S. Nagarajan vs Vasantha Kumar And Anr. on 26 November, 1987 – Case Summary


Facts of the Case

The respondents, a husband and wife, were operating two shops named “Ulloor Enterprises” and “Sandya Textiles” in Trivandrum. They resided in a building near their shops. Based on information that goods of foreign origin were being sold in the shops and stored in their residence, officers of the Customs Preventive and Intelligence Unit conducted a search. This resulted in the seizure of 10 items of foreign origin from the shop and 22 items from their residence. The total value of the seized goods was Rs. 27,347/-. After adjudication under the Customs Act, 1962, the goods were confiscated to the Government.

Issues and Court Observations

The main issue before the court was whether the notifications referred to in the case could be taken judicial notice of by the court. The notifications in question were issued under Section 11B and Section 123(2) of the Customs Act. The learned Magistrate had based his decision of acquittal on the non-production of these notifications or copies thereof.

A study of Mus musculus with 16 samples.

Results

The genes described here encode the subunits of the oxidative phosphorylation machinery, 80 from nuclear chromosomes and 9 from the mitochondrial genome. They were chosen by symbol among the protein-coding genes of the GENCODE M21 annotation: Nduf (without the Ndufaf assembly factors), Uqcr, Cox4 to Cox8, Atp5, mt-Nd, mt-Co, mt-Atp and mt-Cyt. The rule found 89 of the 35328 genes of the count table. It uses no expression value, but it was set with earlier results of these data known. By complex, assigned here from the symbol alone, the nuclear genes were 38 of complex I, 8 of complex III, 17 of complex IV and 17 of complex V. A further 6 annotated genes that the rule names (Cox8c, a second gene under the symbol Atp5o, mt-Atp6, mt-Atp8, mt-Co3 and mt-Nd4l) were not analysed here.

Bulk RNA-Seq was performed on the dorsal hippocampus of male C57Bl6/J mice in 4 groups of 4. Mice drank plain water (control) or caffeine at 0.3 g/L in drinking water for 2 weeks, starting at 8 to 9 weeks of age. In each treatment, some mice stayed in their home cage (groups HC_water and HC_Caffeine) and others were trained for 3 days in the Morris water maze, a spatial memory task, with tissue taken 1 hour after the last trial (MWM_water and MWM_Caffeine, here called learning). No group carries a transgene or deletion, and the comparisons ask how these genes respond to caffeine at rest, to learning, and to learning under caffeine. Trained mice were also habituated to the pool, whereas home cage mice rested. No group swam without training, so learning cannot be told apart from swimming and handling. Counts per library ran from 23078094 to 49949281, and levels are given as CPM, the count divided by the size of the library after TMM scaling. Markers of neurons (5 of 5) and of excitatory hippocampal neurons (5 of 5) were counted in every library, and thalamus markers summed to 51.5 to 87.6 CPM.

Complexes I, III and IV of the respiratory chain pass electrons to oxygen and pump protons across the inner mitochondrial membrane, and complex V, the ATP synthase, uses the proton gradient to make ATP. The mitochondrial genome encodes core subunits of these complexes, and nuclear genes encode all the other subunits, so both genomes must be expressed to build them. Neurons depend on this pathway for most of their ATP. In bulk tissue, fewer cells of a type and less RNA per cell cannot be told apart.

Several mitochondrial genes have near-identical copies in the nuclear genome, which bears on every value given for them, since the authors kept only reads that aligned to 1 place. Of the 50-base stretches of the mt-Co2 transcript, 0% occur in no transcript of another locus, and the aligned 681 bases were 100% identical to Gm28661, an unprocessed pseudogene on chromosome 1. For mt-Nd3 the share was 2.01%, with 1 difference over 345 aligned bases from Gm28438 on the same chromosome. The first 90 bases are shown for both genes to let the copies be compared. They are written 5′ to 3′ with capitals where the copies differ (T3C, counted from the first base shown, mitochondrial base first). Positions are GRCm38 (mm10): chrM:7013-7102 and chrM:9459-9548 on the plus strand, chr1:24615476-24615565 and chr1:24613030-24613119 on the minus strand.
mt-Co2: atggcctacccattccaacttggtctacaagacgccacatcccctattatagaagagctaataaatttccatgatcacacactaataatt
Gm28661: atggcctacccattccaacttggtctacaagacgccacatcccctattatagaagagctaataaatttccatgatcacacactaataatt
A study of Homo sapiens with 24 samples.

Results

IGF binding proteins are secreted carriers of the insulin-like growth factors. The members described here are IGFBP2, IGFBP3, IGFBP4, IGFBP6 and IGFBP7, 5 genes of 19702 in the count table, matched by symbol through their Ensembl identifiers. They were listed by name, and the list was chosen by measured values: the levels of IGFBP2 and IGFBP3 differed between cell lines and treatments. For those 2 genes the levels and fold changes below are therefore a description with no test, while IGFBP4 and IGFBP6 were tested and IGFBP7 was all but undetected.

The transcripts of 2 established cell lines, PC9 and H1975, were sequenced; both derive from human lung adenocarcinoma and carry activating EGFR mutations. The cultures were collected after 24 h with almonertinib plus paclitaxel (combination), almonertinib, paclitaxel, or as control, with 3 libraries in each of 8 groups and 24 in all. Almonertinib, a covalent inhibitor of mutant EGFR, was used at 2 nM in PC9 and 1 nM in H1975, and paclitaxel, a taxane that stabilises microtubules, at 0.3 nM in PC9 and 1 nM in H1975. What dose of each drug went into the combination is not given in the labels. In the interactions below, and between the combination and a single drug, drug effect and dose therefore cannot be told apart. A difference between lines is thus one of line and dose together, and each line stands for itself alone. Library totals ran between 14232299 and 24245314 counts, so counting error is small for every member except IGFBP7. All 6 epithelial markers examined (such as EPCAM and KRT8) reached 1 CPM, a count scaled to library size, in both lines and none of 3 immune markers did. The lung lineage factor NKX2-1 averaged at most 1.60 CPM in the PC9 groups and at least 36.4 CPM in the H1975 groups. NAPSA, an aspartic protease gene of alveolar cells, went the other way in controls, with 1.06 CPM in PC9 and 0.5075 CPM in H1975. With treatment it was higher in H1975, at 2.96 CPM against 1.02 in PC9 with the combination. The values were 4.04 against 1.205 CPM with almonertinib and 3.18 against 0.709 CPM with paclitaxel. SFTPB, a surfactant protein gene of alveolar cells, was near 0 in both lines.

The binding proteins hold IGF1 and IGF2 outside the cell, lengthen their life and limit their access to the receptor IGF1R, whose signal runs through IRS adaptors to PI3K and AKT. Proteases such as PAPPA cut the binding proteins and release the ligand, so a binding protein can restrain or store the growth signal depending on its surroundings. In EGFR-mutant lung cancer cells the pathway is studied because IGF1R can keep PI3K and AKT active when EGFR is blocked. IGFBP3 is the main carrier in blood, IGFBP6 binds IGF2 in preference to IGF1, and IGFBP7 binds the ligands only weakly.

The court examined whether these notifications could be considered “laws in force” within the meaning of Section 57(1) of the Evidence Act. After reviewing several precedents, the court concluded that the notifications were legislative in character, having been issued in exercise of delegated powers. As such, they qualified as “laws” within the meaning of Section 57 of the Evidence Act, and the court was bound to take judicial notice of them.

Ruling

The court held that the learned Magistrate was in error in holding that the prosecution must fail due to the non-production of the notifications. The court should have looked into the gazette or other document to ascertain whether or not the alleged notifications had been issued. The court concluded that the notifications in question were laws within the meaning of Section 57 of the Evidence Act and the court was bound to take judicial notice of these notifications.

This case serves as a significant precedent in understanding the nature of notifications issued under delegated powers and their status as “laws” within the meaning of the Evidence Act. It also highlights the duty of the court to take judicial notice of such laws.